With competition at a boil, money managers are on the prowl for acquisitions to broaden their appeal, speakers at a trade conference said.

In contrast to other industries, where amassing assets is often the main objective, money managers are hoping to position themselves to attract new customers, speakers said at last week's Investment Management mergers and acquisitions conference in New York.

Acquisitions are being driven by strategic goals such as moving into new markets, said Mary Pat Thornton, principal at Putnam, Lovell & Thornton, at the conference sponsored by International Business Communications.

Companies are turning to acquisitions, Ms. Thornton said, to obtain new distribution channels, expand into related markets, extend product lines, achieve economies of scale, and improve products and service.

Charles Schwab is among the companies that have pursued such strategic deals. Schwab bought TrustMark Inc. and Hampton Pension Services Inc. in 1995 to build a 401(k) business.

Although mergers and acquisitions are common, speakers said, the money management industry does not face the same kind of consolidation as the banking industry.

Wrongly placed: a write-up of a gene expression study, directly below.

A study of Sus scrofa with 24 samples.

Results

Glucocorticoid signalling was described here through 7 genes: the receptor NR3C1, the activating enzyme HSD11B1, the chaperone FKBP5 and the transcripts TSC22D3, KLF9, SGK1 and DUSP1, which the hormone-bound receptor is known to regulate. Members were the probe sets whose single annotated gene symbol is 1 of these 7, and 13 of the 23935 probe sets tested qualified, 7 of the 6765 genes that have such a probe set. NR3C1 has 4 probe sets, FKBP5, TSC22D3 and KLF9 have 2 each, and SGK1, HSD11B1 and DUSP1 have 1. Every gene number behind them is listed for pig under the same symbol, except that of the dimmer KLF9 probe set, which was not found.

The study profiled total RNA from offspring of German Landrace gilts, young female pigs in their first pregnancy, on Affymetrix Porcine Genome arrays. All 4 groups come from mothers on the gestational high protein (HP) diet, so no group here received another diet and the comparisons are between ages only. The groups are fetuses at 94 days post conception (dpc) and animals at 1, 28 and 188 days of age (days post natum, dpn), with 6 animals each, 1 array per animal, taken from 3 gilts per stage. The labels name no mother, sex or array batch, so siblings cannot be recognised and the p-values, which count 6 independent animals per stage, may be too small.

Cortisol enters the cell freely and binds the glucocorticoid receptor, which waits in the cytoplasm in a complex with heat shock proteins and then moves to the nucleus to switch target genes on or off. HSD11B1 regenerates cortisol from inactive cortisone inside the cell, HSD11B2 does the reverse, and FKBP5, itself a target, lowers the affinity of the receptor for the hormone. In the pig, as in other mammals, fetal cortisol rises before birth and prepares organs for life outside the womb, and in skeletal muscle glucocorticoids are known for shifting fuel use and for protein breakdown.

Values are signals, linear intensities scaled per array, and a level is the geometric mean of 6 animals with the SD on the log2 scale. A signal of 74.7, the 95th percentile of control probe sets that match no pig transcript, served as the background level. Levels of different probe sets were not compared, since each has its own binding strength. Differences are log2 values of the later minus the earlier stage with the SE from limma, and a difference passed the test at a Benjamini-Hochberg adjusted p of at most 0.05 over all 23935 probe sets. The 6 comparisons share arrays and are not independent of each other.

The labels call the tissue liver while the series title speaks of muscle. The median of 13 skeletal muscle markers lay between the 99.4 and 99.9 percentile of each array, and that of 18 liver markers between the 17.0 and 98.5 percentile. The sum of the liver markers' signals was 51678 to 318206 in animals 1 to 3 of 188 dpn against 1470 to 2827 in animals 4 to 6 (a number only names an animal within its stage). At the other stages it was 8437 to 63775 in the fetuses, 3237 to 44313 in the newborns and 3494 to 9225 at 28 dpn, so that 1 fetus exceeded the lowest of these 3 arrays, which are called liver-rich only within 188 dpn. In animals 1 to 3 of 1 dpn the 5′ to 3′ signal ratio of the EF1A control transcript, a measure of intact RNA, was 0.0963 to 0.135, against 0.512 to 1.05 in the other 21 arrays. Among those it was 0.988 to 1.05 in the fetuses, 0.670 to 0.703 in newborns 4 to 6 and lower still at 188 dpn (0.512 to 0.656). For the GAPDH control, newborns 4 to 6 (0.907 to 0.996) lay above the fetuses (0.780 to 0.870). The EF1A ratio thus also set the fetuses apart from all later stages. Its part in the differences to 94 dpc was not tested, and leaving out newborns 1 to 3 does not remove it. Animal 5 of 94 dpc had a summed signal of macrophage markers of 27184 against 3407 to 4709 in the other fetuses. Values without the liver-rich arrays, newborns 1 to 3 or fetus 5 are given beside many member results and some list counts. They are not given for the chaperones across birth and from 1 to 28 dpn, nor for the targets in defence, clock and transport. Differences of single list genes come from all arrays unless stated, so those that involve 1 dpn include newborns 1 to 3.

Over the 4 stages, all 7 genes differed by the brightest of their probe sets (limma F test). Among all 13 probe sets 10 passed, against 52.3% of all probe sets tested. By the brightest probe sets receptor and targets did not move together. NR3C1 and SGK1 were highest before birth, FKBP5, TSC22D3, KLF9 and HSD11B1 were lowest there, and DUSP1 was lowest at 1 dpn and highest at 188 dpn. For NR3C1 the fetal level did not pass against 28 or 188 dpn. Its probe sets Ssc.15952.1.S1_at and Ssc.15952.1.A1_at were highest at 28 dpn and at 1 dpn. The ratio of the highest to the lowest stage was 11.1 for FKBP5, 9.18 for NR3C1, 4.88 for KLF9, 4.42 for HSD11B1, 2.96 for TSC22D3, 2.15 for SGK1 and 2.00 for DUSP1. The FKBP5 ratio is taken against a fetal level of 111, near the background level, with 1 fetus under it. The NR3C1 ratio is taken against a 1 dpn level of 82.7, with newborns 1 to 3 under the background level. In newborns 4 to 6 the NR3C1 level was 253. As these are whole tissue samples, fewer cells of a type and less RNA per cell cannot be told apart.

"I think we're on the path to consolidation, but consolidation depends on how you look at it," said Geoffrey H. Bobroff, president of Bobroff Consulting Inc., East Greenwich, R.I.

Because 17 of the top 30 companies were involved in mergers from December 1991 through June 1996, Mr. Bobroff said, some observers might say the industry did consolidate during that time .

But, he pointed out, the percentage of managed assets controlled by the top 30 money managers did not change.

Mergers and acquisitions in money management are not new, Ms. Thornton said, but the names have changed.

"A few years ago, acquisitions were by players getting into asset management," Ms. Thornton said. "The last two to three years have seen acquisition of assets under management by those already in asset management."

She said banks were buying into the business for a while but now are concentrating on consolidating their own business.

As money management companies struggle to keep up with their competition, speakers said, a new form of consolidation is likely: consolidation of talent.

Mr. Bobroff said he expects to see mutual-fund companies raiding one another's staffs to tap the huge amount of money being poured into mutual funds.

Many companies now advertise a fund's performance as well as the fund manager's track record, Mr. Bobroff noted. This advertising push, coupled with the recent Securities and Exchange Commission ruling that lets fund managers take their track records with them when switching companies, will spark a wave of "lift-outs" of fund managers, rather than acquisitions of funds, he said.

"The cost of retaining investment professionals has created 'bonus babies,' like in the sports world," Mr. Bobroff said.